Hackathons, or Now I’m Standing on the Overpass and Screaming at the Cars, “Hey, I Wanna Get Better!”
I think we should take four months off next Fall to run the hackathon circuit.
We all have experience with product design, but our experience has been with sustaining innovation. We’ve been given existing products and told to maintain or improve them. We’ve gotten really good at prototyping features. We’ve gotten really good at building, testing, and iterating to optimize them. Sustaining innovation is incredibly important, but also kind of boring. After all, who wants to be remembered as the person that made an existing thing marginally better? I want to be remembered as the person that created something new.
This type of innovation is called disruptive innovation. It involves reformulating existing paradigms to craft products that outperform the competition by competing on a different level. It involves thinking in a space that has yet to be explored. It involves taking chances by building on ideas that don’t exist yet. It’s new, and dangerous, and exciting.
How do we practice Disruptive Innovation? (or, “What do Stephen Colbert, Tina Fey, Bill Murray, Amy Poehler, Amy Sedaris, and Steve Carell have in common?”) #
In Chicago there’s a comedy group called The Second City that specializes in improv comedy. In improv comedy, the performers make up their performance on the spot, without any prior planning. The Second City puts on one show a night, and each show includes multiple different sketches, so performers at The Second City create literally dozens of performances a week. They become experts at coming up with ideas on the spot, at working together to build on these, and at finalizing these ideas into concrete performances. Performers at The Second City practice Disruptive Innovation on daily basis, and the experience pays off. The Second City is renowned as a training ground for future stars, including (and certainly not limited to): Stephen Colbert, Tina Fey, Bill Murray, Amy Poehler, Amy Sedaris, and Steve Carell.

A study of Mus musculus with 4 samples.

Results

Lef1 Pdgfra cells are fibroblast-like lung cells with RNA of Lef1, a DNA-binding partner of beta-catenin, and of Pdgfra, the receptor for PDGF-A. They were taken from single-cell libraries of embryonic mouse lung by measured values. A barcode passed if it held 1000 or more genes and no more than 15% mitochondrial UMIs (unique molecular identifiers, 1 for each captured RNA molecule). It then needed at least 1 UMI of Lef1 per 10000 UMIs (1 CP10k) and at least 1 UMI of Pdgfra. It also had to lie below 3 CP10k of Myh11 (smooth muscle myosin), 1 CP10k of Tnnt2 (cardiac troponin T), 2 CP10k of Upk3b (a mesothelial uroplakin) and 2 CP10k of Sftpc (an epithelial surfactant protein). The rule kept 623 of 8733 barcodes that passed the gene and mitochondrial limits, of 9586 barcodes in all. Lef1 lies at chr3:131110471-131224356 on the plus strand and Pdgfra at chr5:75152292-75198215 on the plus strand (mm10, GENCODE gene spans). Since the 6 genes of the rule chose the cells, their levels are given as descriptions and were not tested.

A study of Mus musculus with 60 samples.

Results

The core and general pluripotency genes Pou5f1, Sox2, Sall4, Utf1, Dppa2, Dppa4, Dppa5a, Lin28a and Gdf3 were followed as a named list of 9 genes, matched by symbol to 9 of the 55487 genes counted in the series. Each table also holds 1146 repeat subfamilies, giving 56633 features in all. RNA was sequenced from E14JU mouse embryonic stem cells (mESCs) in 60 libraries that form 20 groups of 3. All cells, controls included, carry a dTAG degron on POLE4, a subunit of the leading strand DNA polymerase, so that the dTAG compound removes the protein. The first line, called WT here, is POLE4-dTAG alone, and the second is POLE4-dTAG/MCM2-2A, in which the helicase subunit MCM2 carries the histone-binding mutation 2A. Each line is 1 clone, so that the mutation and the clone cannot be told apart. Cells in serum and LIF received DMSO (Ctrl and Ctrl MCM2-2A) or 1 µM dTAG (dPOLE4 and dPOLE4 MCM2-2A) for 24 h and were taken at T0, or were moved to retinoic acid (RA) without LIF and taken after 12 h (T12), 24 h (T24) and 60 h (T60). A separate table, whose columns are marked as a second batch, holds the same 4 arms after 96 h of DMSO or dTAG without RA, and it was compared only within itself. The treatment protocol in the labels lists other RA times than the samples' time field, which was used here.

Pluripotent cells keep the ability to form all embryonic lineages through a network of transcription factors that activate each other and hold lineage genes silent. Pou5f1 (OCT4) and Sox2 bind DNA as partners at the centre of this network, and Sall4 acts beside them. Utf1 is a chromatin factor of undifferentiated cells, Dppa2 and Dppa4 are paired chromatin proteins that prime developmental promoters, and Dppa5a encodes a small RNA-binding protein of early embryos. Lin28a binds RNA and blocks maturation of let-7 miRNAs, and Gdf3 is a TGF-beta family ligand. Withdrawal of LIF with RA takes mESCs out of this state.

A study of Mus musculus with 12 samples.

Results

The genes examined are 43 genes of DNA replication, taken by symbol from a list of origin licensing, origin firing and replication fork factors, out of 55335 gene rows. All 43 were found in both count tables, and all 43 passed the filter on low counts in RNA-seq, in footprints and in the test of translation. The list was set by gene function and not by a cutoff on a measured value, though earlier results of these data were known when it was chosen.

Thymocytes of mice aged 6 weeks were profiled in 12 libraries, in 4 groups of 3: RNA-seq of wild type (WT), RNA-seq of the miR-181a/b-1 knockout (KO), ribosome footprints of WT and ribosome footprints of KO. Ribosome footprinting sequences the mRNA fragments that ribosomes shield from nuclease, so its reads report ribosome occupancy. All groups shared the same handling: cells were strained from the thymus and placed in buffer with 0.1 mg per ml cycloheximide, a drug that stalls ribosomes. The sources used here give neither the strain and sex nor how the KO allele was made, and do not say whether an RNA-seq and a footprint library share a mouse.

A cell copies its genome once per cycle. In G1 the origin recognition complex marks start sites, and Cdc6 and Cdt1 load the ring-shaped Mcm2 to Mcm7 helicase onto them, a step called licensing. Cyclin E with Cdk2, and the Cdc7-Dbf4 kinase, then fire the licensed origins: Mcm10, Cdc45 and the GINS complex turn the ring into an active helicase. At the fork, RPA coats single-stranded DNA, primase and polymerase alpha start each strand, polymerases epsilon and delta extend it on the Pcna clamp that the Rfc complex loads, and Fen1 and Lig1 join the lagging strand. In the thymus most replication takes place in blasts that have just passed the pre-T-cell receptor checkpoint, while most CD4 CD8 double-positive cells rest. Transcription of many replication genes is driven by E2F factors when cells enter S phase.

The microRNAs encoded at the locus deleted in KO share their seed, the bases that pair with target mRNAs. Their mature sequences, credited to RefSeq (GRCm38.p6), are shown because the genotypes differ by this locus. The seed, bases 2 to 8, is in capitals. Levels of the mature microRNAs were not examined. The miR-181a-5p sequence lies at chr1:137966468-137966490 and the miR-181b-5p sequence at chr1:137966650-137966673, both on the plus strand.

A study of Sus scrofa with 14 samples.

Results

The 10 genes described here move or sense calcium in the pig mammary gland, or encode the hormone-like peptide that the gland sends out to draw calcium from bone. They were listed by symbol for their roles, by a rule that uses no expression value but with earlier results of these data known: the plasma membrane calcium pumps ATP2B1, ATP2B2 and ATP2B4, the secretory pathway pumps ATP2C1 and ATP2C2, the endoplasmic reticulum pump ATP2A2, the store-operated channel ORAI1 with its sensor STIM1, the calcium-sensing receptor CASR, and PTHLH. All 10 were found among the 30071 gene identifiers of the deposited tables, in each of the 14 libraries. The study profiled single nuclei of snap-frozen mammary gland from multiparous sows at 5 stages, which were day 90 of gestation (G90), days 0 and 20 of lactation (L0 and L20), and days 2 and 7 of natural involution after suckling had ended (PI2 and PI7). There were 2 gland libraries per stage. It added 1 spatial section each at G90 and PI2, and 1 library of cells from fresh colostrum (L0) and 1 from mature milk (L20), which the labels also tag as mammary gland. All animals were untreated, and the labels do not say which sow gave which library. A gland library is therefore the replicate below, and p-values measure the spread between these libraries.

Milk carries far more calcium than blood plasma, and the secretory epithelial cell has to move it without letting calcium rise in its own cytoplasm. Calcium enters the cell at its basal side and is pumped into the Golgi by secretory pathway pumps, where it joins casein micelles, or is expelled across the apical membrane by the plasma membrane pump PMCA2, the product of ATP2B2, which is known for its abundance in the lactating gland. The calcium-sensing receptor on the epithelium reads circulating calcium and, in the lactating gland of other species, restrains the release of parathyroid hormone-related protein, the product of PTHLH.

Running the hackathon circuit is our The Second City. It would let us practice the art of brainstorming, prototyping, and pitching on new ideas. It would give us concentrated experience in Disruptive Innovation.
But is it logistically feasible? #
Major League Hacking is an group that organizes university hackathons. Based on their schedule from Fall 2014, we should be able to rely on at least 14 university hackathons in Fall 2015 (or a hackathon every weekend starting the last week of August and ending the first week of December). Prizes at these hackathons run from a few hundred dollars to a few thousand dollars per team member. Granted, these prizes aren’t financially spectacular (or guaranteed), but considering the cheap cost of living on the road they should be enough. Furthermore, other organizations (companies, governments, non-profits) also offer hackathon, or hackathon-like, challenges with prizes that can be much more lucrative.
Furthermore, these hackathons are located all around the country, and are attended by some of the most promising and interesting people. Ever wanted to travel? Network? This sundae has multiple cherries on top.
Borrowing a phrase from Malcolm Gladwell, let’s go get our 10,000 hours.
(Also, yes, the title is from a song by Bleachers.)